Shoulder Surgery Commonly Treated by Physical Therapy


If you have shoulder pain, you know how this can limit your ability to reach for things. You may be having a difficult time performing basic tasks like bathing, dressing, or combing your hair because of the pain.

You may be referred to physical therapy to help decrease your shoulder pain and improve your range of motion and strength in your arm. Sometimes, the damage to your shoulder is too great, and physical therapy is unsuccessful in restoring normal function to your painful shoulder. You may require shoulder surgery to help return to normal.

After shoulder surgery, you may experience a period of immobilization. Your healthcare provider may have you wear a sling to protect your shoulder as it heals. During this time, the muscles around your shoulder may become weak, and structures near your shoulder may become tight.

Physical therapy may be necessary to return to normal function after shoulder surgery. It is important to know exactly what surgery was performed so that your rehabilitation program is tailored to your exact needs.

Below is a list of common shoulder operations that may require the skilled services of a physical therapist to help rehabilitate. If you have shoulder surgery, be sure to ask your healthcare provider if physical therapy can help you improve the function and mobility of your shoulder and arm once the operation is done.


Rotator Cuff Repair


The rotator cuff muscles are a group of four muscles that lie deep in your shoulder and help control the position of your shoulder as you move your arm. Sports injuries, trauma, or simple wear and tear may cause these muscles to fray and tear.

Rotator cuff repairs can be done arthroscopically or via an open procedure. After a rotator cuff repair, physical therapy may be necessary to help improve the range of motion and strength of your shoulder.

You can expect to work with your PT for four to six weeks (maybe longer) after a rotator cuff repair. Your PT can teach you exercises to do to maintain long-term gains and function in your arm.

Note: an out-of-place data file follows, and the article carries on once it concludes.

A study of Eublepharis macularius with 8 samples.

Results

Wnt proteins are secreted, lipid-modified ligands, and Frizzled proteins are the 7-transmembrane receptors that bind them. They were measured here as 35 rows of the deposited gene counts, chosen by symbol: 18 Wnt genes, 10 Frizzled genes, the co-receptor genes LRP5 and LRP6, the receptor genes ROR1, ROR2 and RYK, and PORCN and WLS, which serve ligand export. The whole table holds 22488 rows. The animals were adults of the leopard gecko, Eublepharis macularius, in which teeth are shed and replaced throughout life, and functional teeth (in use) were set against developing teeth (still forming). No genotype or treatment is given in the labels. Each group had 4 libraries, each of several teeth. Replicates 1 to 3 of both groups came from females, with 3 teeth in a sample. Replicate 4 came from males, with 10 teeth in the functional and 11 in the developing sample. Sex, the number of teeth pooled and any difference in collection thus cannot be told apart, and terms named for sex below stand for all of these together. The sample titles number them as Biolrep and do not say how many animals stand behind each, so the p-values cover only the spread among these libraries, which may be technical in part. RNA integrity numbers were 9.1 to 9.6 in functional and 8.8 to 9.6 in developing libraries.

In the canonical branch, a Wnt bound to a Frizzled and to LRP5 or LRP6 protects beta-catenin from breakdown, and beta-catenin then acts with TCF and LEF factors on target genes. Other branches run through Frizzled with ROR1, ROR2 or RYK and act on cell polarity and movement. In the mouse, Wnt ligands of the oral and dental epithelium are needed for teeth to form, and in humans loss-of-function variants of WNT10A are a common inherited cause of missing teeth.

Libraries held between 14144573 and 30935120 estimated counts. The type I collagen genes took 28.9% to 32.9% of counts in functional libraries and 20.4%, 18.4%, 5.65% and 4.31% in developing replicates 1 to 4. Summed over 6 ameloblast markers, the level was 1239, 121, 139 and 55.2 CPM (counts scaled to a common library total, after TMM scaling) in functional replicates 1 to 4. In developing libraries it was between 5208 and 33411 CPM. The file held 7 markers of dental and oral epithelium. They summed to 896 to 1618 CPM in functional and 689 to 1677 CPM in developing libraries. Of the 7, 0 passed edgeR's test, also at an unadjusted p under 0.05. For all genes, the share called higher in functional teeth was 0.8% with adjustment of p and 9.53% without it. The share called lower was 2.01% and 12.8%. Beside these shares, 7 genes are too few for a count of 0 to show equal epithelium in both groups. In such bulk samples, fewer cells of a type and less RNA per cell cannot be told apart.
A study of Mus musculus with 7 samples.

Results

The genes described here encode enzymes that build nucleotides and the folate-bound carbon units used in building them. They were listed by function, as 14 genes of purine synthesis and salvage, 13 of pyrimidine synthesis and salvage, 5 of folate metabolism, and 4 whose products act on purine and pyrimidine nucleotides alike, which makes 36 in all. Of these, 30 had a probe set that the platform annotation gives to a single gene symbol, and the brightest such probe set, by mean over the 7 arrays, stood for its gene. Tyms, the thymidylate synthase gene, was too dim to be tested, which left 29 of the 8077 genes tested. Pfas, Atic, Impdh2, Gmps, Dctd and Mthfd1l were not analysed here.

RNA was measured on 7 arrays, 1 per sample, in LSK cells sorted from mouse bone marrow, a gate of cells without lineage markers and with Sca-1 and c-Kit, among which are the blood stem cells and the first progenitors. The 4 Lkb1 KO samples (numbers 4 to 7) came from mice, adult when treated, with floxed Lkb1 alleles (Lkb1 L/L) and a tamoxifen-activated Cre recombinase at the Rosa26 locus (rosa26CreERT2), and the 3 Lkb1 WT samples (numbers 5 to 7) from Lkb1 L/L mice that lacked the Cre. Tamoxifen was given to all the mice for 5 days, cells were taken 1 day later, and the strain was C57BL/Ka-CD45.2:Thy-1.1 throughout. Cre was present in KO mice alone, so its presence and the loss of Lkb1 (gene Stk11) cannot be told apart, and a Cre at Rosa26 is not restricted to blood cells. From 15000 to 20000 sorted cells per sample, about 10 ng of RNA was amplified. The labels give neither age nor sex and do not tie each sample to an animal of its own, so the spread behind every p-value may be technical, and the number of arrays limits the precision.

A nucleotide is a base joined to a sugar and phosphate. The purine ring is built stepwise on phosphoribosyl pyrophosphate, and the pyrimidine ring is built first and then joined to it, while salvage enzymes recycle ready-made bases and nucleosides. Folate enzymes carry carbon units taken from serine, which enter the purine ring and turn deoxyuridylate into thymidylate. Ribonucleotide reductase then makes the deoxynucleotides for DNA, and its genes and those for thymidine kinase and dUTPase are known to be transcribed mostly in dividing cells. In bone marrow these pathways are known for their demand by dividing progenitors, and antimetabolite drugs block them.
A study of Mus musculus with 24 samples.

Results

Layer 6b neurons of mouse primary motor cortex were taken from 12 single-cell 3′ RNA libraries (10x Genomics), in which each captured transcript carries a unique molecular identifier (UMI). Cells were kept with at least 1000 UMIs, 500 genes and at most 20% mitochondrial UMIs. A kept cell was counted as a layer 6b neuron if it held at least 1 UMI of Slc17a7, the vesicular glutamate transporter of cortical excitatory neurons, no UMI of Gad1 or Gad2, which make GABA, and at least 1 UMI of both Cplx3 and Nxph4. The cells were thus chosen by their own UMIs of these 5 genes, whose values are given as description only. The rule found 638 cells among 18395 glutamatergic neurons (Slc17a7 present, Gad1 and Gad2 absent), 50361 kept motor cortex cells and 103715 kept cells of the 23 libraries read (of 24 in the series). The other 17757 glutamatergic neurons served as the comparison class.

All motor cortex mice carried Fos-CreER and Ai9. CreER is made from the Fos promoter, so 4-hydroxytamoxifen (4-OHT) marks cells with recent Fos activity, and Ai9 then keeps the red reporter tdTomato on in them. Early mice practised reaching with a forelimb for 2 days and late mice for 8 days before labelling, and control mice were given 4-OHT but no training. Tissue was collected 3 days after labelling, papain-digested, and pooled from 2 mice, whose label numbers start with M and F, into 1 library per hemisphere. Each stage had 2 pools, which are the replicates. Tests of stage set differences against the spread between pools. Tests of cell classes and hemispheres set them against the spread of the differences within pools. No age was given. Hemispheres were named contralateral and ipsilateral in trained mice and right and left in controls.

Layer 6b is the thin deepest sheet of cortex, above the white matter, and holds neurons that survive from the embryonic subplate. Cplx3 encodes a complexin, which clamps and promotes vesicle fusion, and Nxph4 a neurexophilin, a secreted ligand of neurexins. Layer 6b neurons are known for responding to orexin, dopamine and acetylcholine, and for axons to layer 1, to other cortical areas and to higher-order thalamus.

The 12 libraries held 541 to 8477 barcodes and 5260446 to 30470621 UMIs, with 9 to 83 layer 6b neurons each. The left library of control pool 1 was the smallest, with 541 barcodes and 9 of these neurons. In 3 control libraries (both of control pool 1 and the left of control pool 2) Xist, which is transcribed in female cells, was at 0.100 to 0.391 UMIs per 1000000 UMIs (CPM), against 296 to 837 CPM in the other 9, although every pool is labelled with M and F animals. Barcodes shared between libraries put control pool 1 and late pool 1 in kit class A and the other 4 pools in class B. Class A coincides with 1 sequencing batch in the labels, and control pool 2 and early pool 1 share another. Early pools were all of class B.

Labrum Repair

The labrum is a small piece of tissue that courses around the rim of the socket in your shoulder. It can become torn if subjected to trauma like a fall or a sports injury. Tears to the labrum may cause shoulder instability or frequent shoulder dislocations.

Different parts of the labrum can be torn. A tear in the front of your shoulder is called a Bankart tear. A tear on the top of the labrum is called a S.L.A.P. tear. (S.L.A.P. stands for superior labrum, anterior to poserior.) Often a S.L.A.P. tear involves repair of the biceps tendon, since it attaches there.

Surgery to repair your torn labrum may be necessary to stabilize your shoulder joint. Physical therapy after the surgery may be needed to ensure safe return to normal arm use and mobility.


Sub Acromial Decompression

If you are having shoulder impingement symptoms that are not resolving with conservative measures like physical therapy, then you may require a subacromial decompression. This surgery is a procedure that gives extra room to the rotator cuff tendons and the bursa that lies in the shoulder space. This is done to treat shoulder impingement.

Many patients do well after this surgery with no PT intervention, but sometimes therapy is necessary to improve shoulder ROM and strength after the procedure.


Total Shoulder Replacement

If you suffer from arthritis of the shoulder and have failed to improve your arm function with conservative measures like physical therapy, then your surgeon may perform a total shoulder replacement. This surgery requires that the surgeon remove your arthritic shoulder joint and replace it with an artificial one.

The two most common shoulder replacement surgeries are the total shoulder replacement and the reverse total shoulder replacement. Your shoulder physical therapy and rehabilitation will differ significantly depending on which procedure you had done.


Fracture Repair

If you have had the unfortunate event of breaking a bone in your shoulder, then your surgeon may have to perform an open reduction internal fixation (ORIF) to repair the bone. Commonly, collarbone fractures and proximal humeral fractures require ORIF, and physical therapy may be needed to improve the range of motion and strength around your shoulder after the procedure.


Shoulder Manipulation Under Anesthesia

If you have a frozen shoulder that is not responding to an aggressive range of motion exercises, then your healthcare provider may perform a manipulation under anesthesia (MUA). Although this is not a true surgical procedure and no cut is made in your body, you will be put under anesthesia. Your shoulder will be forcefully brought through its range of motion.

Physical therapy after the MUA procedure is necessary to maintain the range of motion gained by the procedure to help keep your shoulder moving.


Biceps Tendon Repair

A biceps tendon rupture often does not limit the functional mobility of your shoulder or arm, but it can make your upper arm look disfigured. Some people want to have the biceps tendon repaired as a result. Physical therapy may be needed after the procedure to ensure the return to normal arm use after the surgery.

A Word From Get Meds Info

If you have had shoulder surgery, you may benefit from the skilled services of a PT to help you regain motion and strength in your arm. By working with a PT, you can be sure to quickly and safely return to your previous level of function and activity.